Water resources: why they are fundamental for the future of agriculture

Phenomena such as waves of drought and rising temperatures will become increasingly frequent in the coming years due to climate change. In different areas of the world they are already a current reality and make it increasingly challenging to engage in agricultural activities at the levels of the past. Moreover, phenomena such as population growth, urbanisation and pollution do not make the situation any easier.

In this panorama, water resources become a particularly precious commodity, to be exploited carefully and more and more efficiently in order to satisfy all the uses that are made of them. Water is in fact necessary for alimentary uses, but also for industry, tourism and agriculture. Agriculture in Europe is the sector that uses the most water resources, accounting for about 40% of the resources used each year (as detailed in this article on the use of European water resources).

With the ever-increasing demand for water, it is necessary to find solutions to meet the needs of people, the economy and nature. In some regions, especially during the summer months, there is not enough water to meet the demand of everyone. This is why organisations such as the European Union encourage a range of actions for the careful and sustainable use of water resources. Let us look at this in greater detail.

How agriculture affects the use of water resources

The European Environment Agency estimates that approximately one third of Europe’s territory is exposed to water stress conditions, which can become particularly severe during the summer. The greatest risk concerns the Mediterranean countries, but the problem of water scarcity is beginning to affect some regions of Great Britain and Germany.

Despite significant improvements in the efficiency of water use in recent years, agriculture continues to be primarily responsible for water use. In spring, the incidence rate of this sector can reach up to 60% of European water consumption, due to the large amount of water needed to support fruit and vegetable production. For this reason, it is expected that the cost of irrigation could increase in the coming years, especially if the forecast of reduced rainfall due to climate change should become a reality.

Not to be underestimated is the fact that during the summer months another key sector such as tourism competes with agriculture for water demand. Every year tens of millions of people visit tourist resorts across Europe, accounting for about 9% of annual water consumption. The situation is likely to become problematic especially in southern Europe and in tourist resorts that include small Mediterranean islands where water demand increases exponentially during the summer.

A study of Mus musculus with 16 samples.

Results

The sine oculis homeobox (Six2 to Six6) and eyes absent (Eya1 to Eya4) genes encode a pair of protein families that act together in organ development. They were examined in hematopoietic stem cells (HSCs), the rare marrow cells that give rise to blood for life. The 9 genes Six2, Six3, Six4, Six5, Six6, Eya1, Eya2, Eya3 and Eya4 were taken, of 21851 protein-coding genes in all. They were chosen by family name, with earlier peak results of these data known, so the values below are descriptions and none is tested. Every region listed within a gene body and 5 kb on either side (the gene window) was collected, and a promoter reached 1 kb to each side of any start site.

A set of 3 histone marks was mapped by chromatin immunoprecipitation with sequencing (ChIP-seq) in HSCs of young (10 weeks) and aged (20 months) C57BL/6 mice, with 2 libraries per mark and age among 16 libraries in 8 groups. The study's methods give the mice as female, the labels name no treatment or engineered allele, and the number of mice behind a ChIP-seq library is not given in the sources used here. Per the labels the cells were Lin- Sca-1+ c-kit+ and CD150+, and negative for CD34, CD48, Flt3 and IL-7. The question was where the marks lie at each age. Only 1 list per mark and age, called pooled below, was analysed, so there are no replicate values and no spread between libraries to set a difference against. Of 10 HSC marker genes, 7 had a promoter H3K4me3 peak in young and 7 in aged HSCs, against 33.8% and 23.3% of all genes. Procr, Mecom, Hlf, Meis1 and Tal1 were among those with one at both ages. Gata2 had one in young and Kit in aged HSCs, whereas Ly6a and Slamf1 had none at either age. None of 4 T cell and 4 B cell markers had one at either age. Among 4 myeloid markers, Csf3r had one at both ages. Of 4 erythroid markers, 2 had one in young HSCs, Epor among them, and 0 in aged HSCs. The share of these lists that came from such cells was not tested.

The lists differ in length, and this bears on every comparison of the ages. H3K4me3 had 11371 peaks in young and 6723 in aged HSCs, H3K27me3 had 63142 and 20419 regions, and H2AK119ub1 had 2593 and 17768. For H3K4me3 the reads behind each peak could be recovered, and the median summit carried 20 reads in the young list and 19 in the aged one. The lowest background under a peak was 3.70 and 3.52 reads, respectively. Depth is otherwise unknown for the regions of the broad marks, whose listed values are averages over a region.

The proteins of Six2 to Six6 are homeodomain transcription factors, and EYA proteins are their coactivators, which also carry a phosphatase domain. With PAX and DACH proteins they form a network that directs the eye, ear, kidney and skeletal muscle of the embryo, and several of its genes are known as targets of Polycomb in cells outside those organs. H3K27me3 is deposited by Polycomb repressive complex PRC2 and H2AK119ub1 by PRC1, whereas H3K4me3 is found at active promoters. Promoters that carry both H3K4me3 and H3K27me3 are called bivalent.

Strategies to improve water use in agriculture

To tackle the problem, it is necessary to promote a more efficient use of water resources. Many actions can be taken, let us have a look at some of them:

  • Dryland farming is the set of techniques that allow agriculture in situations where there are minimal rainfall and no irrigation. In areas with a hot-arid climate, a variety of crops are rotated that can make the most of water from rain and irrigation, thanks to expanded roots capable of obtaining water from deeper layers. Preference is given to plants that carry out their cycle mainly in autumn or spring, so that they can make more use of the natural rains. In addition, tillage on the ground favours the accumulation of water in the soil while reducing the risk of losses due to evaporation and run-off.
  • Establishing training programmes to familiarise farmers with the most efficient water use practices. For example, on the island of Crete, water savings of about 10% have been achieved through a telephone advice service for farmers on how and where to use water based on daily estimates of crop conditions.

Reuse waste water for agricultural purposes. This is what happens in some very arid regions with scarce water resources. It is a process that re-circulates waste water that has been properly treated to reduce the impact on other resources. This strategy was successfully adopted in Cyprus, where water recycling had an impact on 28% of water consumption in agriculture in 2008.

There are many strategies to improve the efficiency with which we use water resources and it can often be useful to use more than one. The European Union encourages a more sustainable use of water through the Water Framework Directive, to address the challenges agriculture will face in the coming years.